I am rather fond of epic-length sagas--a good family drama or quest--no matter what the time period, though I don't seem to make much time to read many of them lately. I really like the ones I can literally lose myself in. The Mists of Avalon by Marion Zimmer Bradley is a book that I have had on my bookshelves for ages, so it was a perfect choice for the From the Stacks Winter Reading Challenge, and I have heard impressive things about. It also weighs in at slightly more than 800 pages (a prime chunkster candidate). I have really only dipped into the book, but I am enjoying it so far. It is an Arthurian saga told from the woman's point of view. I suspect many of you may already have read it, so I probably don't need to give a summary. I am waiting for that moment of not wanting to set the book down. I am still reading background story, though. Arthur has yet to be born, but Igraine and Uther Pendragon have met, and I suspect they will be getting together soon.
I have many other chunkster types of books--some already read and some waiting to be read. In no particular order, here is a smattering of them (well, 14 anyway): Penny Vincenzi's Lytton Family Trilogy I am sure I have mentioned before. This is a great family saga set around the time of WWI about a publishing family (each book is about 600 pages). Diana Gabaldon has written The Outlander series, of which there are five so far (I have read the first three, each around 800-ish pages). I am a tad bit leery of anything having to do with time travel--I have read a few really bad time traveler sort of romances when I was younger to know what sorts of problems you come up against with this type of story, but Gabaldon pulls it off pretty well. Set in present day America and 18th C. Scotland, France and America, these are definite mind candy types of books. Paullina Simons has written The Bronze Horseman and Tatiana and Alexander (both about 600 pages). They are set in WWII Russia and are the sort of book I stay up late reading and rereading. Both are nicely done historical fiction books with romance thrown in.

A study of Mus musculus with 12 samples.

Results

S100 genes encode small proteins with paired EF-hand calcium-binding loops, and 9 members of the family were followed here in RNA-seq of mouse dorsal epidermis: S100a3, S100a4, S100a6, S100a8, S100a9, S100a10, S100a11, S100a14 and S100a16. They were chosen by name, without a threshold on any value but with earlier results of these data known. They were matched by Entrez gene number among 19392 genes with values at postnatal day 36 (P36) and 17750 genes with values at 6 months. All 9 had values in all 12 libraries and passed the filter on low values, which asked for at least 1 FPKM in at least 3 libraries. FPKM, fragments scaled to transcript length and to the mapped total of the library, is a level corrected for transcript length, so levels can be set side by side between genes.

I love Wilkie Collins, and I have Armadale just waiting for me. It is another suspenseful thriller in the vein a The Woman in White--it sounds like another delicious Victorian soap opera (752 pp.)! I have heard the woman in this novel is quite a famous villain. Hmm. I want to read Miguel de Cervantes's Don Quixote (the new translation--all 900+ pages). It is called the first modern novel. It is one of those iconic sorts of books where you sort of know the story without ever having read it. I want to read it next year. Another planned read is Kristin Lavransdatter (I have the lovely deluxe edition with all three books in one--1168 pp.). This won the Nobel and it follows one woman's life in 14th C. Scandinavia. I am a little fearful of being confused by the names, but if I can handle Tolstoy's War and Peace (1425 pp.), which is actually highly readable, I can handle a few Scandinavian tongue twisters surely? I am thinking of W&P, and even picked it up and read a few chapters this week. I have less than 1000 pages left to read. Gulp. Maybe I should take that with me to Kansas City next week?! Approximately six hours to fill...I could make a little dent in it surely.
I read George Eliot's wonderful Middlemarch (880 pp.) this year. It is one of my favorite reads of the year. Dorothea Brooke surely has to be one of the best female characters in English literature? She is one of mine. Definite reread material, as is Alexandre Dumas' The Count of Monte Cristo. This is another favorite read--an excellent (if somewhat long--1488 pp.) tale of adventure and revenge set during the Napoleonic Wars. Homer's The Iliad (704 pp.) and The Odyssey (560 pp.) are on my wishlist for Christmas and I plan on reading them both next year! I read them (well excerpts or abridgements) when I was in high school, and they have piqued my curiosity once again. And for something totally different, I have the first book by Neal Stephenson (The Baroque Cycle) Quicksilver (960 pp.) on my TBR pile. This was a recommendation--"Adventure, romance, politics, history, theology, magic, science, money and calculus". I am not sure how to categorize it--sort of fantasy? It is not one of my usual types of reads, but I hope to try some new things next year as well!
I could go on (you know how I like lists), but this is already too long. And I feel like I tend to write about the same old books over and over, but really they are that good, or they look that good! What is your favorite chunkster book?